Could you kill the person sitting next to you? Physically, mentally, spiritually: Could you go through with it? And then, could you live with yourself?
I am safe and fortunate enough to have never truly, dreadfully contemplated such a question as an immediately practical concern; and so, I imagine, are most of our readers. I wish I could say the same for Kendrick Lamar, who, in his music, often wrestles with death and destrudo as if his studio were the dreadful belly of a ghost that has him trapped. Kendrick Lamar has witnessed death, he has suffered its proximate consequences, and he has lived to resent its power over him and the ones he loves.
To Pimp a Butterfly is the avant-garde insanity that naturally results when such a fiercely eloquent introvert, animated by wrath, gets his hands on Olde English 800 and three saxophones. Kendrick's construction of the blackest rap album since Watch the Throne is, thankfully, not the heavy-handed Maya Angelou impersonation implied whenever spoken word poets and the like articulate "blackness" as a defensive shtick, when really blackness is everything. To Pimp a Butterfly is a tour of that everything; the album is black insomuch as the album is a cosmic slop of nearly every musical movement that we Negroes have founded on this continent. From the field spirituals to Gil-Scott Heron, to Graham Central Station and Marvin Gaye's Trouble Man, through the life and rhymes of DJ Quik, Mausberg, and Suga Free. A Spike Lee joint, in other words, with a couple tracks ("Hood Politics," "How Much a Dollar Cost") sounding in fact like the very best of Lee's composer Terence Blanchard.
With all its superfly flourish and talk of Willie Lynch, Butterfly is heady and ambitious, if not unprecedented as subject matter. As promised, Butterfly is (somehow) darker and more thoroughly conflicted than good kid. “I remember you was conflicted,” Kendrick chants between tracks. “Misusing your influence,” admitting that he, like his idols, has rotted due to resentment, which has finally left him depressed. Where good kid, m.A.A.d. city was literature of a time, a place, and precious personal details, the Kendrick Lamar of To Pimp a Butterfly is a disembodied outpouring of rage, dread, and irreverence. In such a scrambled state, no one can get through to Kendrick Lamar: not his father, not Dr. Dre. He is alienated by fame and the sort of distance created by a world tour.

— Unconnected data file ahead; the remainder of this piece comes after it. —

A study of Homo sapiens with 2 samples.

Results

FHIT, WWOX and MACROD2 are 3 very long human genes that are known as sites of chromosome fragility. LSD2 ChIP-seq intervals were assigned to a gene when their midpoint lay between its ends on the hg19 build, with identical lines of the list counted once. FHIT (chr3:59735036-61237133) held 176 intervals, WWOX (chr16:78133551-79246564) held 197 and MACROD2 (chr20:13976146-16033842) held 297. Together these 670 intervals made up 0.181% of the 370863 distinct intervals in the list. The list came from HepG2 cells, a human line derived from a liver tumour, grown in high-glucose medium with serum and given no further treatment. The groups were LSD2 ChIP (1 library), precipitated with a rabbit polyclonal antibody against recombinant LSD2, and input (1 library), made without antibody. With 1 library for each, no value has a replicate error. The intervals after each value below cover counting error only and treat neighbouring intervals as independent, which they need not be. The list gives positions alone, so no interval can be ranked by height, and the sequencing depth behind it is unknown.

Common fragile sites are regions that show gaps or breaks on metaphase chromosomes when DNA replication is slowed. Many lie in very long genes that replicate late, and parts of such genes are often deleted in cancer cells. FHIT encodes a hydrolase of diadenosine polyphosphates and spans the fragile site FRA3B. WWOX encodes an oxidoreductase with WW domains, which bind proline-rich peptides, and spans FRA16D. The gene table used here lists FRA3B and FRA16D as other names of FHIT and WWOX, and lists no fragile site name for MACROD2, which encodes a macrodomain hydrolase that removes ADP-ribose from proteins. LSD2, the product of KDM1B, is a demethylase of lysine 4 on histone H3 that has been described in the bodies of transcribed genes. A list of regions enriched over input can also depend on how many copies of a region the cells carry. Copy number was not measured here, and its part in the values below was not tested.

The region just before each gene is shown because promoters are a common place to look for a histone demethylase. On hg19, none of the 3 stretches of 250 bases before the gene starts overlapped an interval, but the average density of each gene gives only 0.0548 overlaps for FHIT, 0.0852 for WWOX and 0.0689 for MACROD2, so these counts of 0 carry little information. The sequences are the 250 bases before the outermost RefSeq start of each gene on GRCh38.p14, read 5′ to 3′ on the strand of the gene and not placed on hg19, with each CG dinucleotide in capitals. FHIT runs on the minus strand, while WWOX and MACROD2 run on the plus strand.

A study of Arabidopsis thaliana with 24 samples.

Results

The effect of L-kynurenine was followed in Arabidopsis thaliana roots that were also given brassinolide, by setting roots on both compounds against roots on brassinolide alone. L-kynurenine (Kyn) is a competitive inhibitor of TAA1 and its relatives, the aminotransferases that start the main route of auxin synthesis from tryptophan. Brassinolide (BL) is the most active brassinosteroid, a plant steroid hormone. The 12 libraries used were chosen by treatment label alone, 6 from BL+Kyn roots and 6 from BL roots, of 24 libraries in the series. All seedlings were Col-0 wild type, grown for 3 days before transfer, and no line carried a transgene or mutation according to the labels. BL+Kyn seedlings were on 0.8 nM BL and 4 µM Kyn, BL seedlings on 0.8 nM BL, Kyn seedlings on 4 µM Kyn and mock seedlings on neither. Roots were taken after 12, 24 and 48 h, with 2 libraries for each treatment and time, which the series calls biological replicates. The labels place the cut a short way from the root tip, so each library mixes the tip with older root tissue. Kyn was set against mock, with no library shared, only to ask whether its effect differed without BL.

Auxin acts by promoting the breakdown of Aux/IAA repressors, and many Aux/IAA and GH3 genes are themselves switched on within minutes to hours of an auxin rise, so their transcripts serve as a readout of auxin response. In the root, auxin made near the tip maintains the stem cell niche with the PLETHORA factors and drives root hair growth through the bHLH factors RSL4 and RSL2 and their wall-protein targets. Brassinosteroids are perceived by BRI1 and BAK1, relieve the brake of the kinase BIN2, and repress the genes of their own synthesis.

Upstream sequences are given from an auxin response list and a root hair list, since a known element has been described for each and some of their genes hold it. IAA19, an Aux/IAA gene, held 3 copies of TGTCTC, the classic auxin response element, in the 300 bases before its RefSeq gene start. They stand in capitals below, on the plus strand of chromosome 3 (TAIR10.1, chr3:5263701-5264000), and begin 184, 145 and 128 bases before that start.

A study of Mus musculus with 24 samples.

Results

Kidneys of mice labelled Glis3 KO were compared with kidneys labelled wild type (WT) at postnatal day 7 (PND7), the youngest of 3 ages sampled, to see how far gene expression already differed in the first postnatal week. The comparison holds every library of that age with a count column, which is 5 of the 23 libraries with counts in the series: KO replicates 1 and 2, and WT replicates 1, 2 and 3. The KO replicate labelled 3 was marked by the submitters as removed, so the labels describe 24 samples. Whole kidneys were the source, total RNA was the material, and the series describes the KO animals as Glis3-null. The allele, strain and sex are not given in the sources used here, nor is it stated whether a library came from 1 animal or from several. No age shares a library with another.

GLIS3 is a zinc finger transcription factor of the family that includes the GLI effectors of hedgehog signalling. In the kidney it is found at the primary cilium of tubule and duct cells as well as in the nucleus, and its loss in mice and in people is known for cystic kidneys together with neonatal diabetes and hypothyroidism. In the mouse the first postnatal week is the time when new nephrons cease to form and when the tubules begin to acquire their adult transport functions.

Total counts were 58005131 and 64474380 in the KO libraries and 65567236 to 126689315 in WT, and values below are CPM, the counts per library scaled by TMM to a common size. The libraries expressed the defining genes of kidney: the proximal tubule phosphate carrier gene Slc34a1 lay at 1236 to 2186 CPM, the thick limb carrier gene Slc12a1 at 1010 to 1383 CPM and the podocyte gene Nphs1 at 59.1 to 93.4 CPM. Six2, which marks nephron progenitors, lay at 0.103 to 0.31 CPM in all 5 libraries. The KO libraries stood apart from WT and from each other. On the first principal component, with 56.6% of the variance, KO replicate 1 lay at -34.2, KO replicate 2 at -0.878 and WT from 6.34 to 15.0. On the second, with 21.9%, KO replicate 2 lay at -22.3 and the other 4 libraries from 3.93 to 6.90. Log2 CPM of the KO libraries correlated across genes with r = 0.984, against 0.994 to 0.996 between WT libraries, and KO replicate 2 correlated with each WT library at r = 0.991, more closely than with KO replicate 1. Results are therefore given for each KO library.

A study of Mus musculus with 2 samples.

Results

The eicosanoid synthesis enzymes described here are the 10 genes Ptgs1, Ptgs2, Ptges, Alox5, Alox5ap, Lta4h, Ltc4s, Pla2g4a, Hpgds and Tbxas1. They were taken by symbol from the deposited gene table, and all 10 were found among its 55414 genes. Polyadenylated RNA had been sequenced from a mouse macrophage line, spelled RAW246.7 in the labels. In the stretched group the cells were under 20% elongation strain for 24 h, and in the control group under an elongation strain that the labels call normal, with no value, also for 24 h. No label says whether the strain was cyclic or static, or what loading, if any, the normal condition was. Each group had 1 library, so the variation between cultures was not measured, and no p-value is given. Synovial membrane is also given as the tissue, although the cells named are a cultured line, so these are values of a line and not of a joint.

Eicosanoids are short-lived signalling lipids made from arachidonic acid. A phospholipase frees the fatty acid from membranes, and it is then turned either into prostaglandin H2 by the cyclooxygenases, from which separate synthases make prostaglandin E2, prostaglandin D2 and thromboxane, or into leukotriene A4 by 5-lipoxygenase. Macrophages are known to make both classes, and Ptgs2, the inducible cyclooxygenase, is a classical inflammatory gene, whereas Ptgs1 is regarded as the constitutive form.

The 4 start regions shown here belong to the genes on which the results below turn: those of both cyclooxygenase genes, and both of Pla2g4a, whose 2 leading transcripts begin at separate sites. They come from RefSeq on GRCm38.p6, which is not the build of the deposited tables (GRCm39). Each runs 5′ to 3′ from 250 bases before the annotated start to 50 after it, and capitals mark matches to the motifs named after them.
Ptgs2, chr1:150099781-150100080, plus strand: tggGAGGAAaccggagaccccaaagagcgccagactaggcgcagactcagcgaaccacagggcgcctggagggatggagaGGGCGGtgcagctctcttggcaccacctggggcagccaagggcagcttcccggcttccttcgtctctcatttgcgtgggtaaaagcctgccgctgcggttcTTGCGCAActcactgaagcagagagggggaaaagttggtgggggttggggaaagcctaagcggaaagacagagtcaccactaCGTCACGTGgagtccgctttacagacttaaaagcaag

Where good kid, m.A.A.d. city was literature of a time, a place, and precious personal details, the Kendrick Lamar of To Pimp a Butterfly is a disembodied outpouring of rage, dread, and irreverence.
On "Institutionalized," he confesses: “I’m trapped inside the ghetto, and I ain’t proud to admit it/Institutionalized: I keep running back for a visit.” Kendrick’s dense talk of walls, paradoxes, and inexhaustible contradictions might require an uptown therapist to unpack: his various barriers to understanding, and lapses of his own compassion. A month ago, critics honed in on the egregious twist-ending of the “The Blacker the Berry," in which Kendrick spits and declares himself a hypocrite for his supposed role in the implosions of black life, so how dare he protest white power. Butterfly is a Gordian knot of such equivocations, culminating with “Mortal Man,” a finale that's as much a suicide note as it is a proud manifesto for the radicals of future, happier generations.
On “u,” written as the antecedent contrast to “i,” Kendrick howls, gnashes, and berates: “Loving you is complicated!” For every other spiritual nadir, however, Butterfly leads us to a modest peak. Producer Boi-1da and dancehall reaper Assassin assist in Kendrick’s blowing his ambivalence to smithereens on "The Blacker the Berry." Rahki produced "i," the album's one thoroughly joyous moment; in the context of an album that's an onslaught of spiritual crises and black thoughts, the song is a welcome, well-timed breakthrough that's rather like stepping outside to meet friends and fresh air.
For an album that’s so manic and tremendous, a few of Butterfly's soulquarian cuts run rather like speedbumps. While "How Much a Dollar Cost" is contemplative and effectively tender, “Institutionalized” and “Momma” are too mellow to suit an album that’s as bombastic and terrifying at its best. Even the new, extended version of “i” ends not with that ecstatic wail from the don Ron Isley, but with a crowd brawl that suddenly derails Kendrick's "live" set. Aghast as he stands at the mic, Kendrick squashes the fight by shouting a question: "How many niggas we done lost, bro? This year alone," though the question is regrettably timeless. Kendrick’s head and heart are heavy; his darkest hours are brilliant and strange.